Volcanic eruptions contribute to climate variability, but quantifying these contributions has been limited by inconsistencies in the timing of atmospheric volcanic aerosol loading determined from ice cores and subsequent cooling from climate proxies such as tree rings. Here we resolve these inconsistencies and show that large eruptions in the tropics and high latitudes were primary drivers of interannual-to-decadal temperature variability in the Northern Hemisphere during the past 2,500 years. Our results are based on new records of atmospheric aerosol loading developed from high-resolution, multi-parameter measurements from an array of Greenland and Antarctic ice cores as well as distinctive age markers to constrain chronologies. Overall, cooling was proportional to the magnitude of volcanic forcing and persisted for up to ten years after some of the largest eruptive episodes. Our revised timescale more firmly implicates volcanic eruptions as catalysts in the major sixth-century pandemics, famines, and socioeconomic disruptions in Eurasia and Mesoamerica while allowing multi-millennium quantification of climate response to volcanic forcing.


Author information

Author notes

    • M. Sigl

    Present address: Laboratory of Radiochemistry and Environmental Chemistry, Paul Scherrer Institut, 5232 Villigen, Switzerland


  1. Desert Research Institute, Nevada System of Higher Education, Reno, Nevada 89512, USA

    • M. Sigl
    • , J. R. McConnell
    • , N. Chellman
    • , O. J. Maselli
    •  & D. R. Pasteris
  2. Department of Earth and Space Sciences, University of Washington, Seattle, Washington 98195, USA

    • M. Winstrup
  3. Space Sciences Laboratory, University of California, Berkeley, California 94720, USA

    • K. C. Welten
  4. School of Geography, Archaeology and Palaeoecology, Queen's University Belfast, Belfast BT7 1NN, UK

    • G. Plunkett
    •  & J. R. Pilcher
  5. Yale Climate and Energy Institute, and Department of History, Yale University, New Haven, Connecticut 06511, USA

    • F. Ludlow
  6. Swiss Federal Research Institute WSL, 8903 Birmensdorf, Switzerland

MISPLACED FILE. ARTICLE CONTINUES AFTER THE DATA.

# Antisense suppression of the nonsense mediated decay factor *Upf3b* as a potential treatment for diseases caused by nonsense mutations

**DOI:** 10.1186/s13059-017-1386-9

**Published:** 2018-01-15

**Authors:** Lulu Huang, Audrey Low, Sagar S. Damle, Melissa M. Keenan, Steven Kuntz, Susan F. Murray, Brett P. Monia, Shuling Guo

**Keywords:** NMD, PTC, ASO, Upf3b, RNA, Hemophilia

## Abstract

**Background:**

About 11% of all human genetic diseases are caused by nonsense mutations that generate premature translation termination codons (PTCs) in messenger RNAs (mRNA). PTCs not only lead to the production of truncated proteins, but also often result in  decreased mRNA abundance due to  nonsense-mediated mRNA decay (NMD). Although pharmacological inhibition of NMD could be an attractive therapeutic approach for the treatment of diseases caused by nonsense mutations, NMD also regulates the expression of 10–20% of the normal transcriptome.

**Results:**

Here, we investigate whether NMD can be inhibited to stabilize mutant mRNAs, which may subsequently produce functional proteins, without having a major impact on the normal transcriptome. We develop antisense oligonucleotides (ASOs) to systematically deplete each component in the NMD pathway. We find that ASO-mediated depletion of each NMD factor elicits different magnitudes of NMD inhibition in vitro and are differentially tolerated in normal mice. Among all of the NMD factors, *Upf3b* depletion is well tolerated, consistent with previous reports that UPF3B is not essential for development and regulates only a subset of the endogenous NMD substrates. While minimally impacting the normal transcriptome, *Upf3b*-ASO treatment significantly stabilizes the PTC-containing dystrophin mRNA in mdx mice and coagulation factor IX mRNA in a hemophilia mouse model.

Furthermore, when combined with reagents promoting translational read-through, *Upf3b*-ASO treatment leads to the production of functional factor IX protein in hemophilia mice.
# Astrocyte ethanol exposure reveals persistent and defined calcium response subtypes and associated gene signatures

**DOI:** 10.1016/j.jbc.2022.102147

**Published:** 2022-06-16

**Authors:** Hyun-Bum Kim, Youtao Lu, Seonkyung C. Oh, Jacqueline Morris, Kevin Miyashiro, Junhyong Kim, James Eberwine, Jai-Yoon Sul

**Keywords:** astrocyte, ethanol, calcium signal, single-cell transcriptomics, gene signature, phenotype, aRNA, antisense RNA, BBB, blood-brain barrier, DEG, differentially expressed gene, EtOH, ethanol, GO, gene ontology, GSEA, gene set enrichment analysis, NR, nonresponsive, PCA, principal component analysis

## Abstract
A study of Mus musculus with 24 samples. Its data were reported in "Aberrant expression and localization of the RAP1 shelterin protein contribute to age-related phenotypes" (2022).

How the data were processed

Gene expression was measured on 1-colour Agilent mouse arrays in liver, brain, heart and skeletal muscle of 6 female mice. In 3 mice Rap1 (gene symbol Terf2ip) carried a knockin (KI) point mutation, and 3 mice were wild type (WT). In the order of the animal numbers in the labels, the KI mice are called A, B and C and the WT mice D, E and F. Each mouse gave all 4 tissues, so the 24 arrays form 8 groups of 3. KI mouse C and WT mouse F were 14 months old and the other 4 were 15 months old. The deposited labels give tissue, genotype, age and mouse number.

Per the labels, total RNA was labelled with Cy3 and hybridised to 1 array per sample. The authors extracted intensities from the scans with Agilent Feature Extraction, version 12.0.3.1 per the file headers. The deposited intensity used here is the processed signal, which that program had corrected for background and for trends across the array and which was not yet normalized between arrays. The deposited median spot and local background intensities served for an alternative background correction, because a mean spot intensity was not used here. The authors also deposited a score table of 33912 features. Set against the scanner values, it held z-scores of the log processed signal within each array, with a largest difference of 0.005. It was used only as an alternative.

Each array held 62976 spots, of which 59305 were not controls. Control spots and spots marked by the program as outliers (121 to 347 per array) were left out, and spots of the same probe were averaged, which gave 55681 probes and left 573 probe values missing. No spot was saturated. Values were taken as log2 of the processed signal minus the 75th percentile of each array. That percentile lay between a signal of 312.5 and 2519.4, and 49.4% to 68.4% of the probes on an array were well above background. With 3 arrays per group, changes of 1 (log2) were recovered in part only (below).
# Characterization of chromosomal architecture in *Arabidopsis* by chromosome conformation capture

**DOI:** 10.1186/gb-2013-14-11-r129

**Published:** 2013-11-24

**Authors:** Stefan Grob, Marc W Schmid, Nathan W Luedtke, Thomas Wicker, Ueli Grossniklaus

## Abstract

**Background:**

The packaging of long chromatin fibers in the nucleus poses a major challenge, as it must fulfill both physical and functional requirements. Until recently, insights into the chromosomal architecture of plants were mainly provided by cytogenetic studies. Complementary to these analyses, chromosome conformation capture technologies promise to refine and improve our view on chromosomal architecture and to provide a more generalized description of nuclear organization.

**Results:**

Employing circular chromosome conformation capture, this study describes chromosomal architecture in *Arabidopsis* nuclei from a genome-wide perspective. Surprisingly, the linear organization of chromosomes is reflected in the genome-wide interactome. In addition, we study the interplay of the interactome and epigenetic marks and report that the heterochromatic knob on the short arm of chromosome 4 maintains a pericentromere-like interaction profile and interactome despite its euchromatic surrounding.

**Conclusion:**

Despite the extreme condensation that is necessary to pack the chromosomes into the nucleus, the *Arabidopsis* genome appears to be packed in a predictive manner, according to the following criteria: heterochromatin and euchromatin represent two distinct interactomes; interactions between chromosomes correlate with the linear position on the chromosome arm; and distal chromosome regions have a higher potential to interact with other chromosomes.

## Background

• U. Büntgen
  7. Oeschger Centre for Climate Change Research, University of Bern, 3012 Bern, Switzerland

    • U. Büntgen
    • , H. Fischer
    •  & S. Schüpbach
  8. Global Change Research Centre AS CR, 60300 Brno, Czech Republic

    • U. Büntgen
  9. Department of Physics, Purdue University, West Lafayette, Indiana 47907, USA

    • M. Caffee
    •  & T. E. Woodruff
  10. Department of Earth, Atmospheric, and Planetary Sciences, Purdue University, West Lafayette, Indiana 47907, USA

    • M. Caffee
  11. Centre for Ice and Climate, Niels Bohr Institute, University of Copenhagen, 2100 Copenhagen, Denmark

    • D. Dahl-Jensen
    • , J. P. Steffensen
    •  & B. M. Vinther
  12. Climate and Environmental Physics, University of Bern, 3012 Bern, Switzerland

    • H. Fischer
    •  & S. Schüpbach
  13. Alfred-Wegener-Institut Helmholtz-Zentrum für Polar- und Meeresforschung, 27570 Bremerhaven, Germany

    • S. Kipfstuhl
  14. Department of History, The University of Nottingham, Nottingham NG7 2RD, UK

    • C. Kostick
  15. Department of Geology, Quaternary Sciences, Lund University, 22362 Lund, Sweden

    • F. Mekhaldi
    •  & R. Muscheler
  16. British Antarctic Survey, Natural Environment Research Council, Cambridge CB3 0ET, UK

    • R. Mulvaney
  17. The Laboratory of Tree-Ring Research, University of Arizona, Tucson, Arizona 85721, USA

    • M. Salzer



Competing interests

The authors declare no competing financial interests.

Corresponding author

Correspondence to J. R. McConnell.


    Supplementary Data 4

    This file contains data from Antarctica ice cores– see guide for details.


    This file contains volcanic reconstruction data– see guide for details.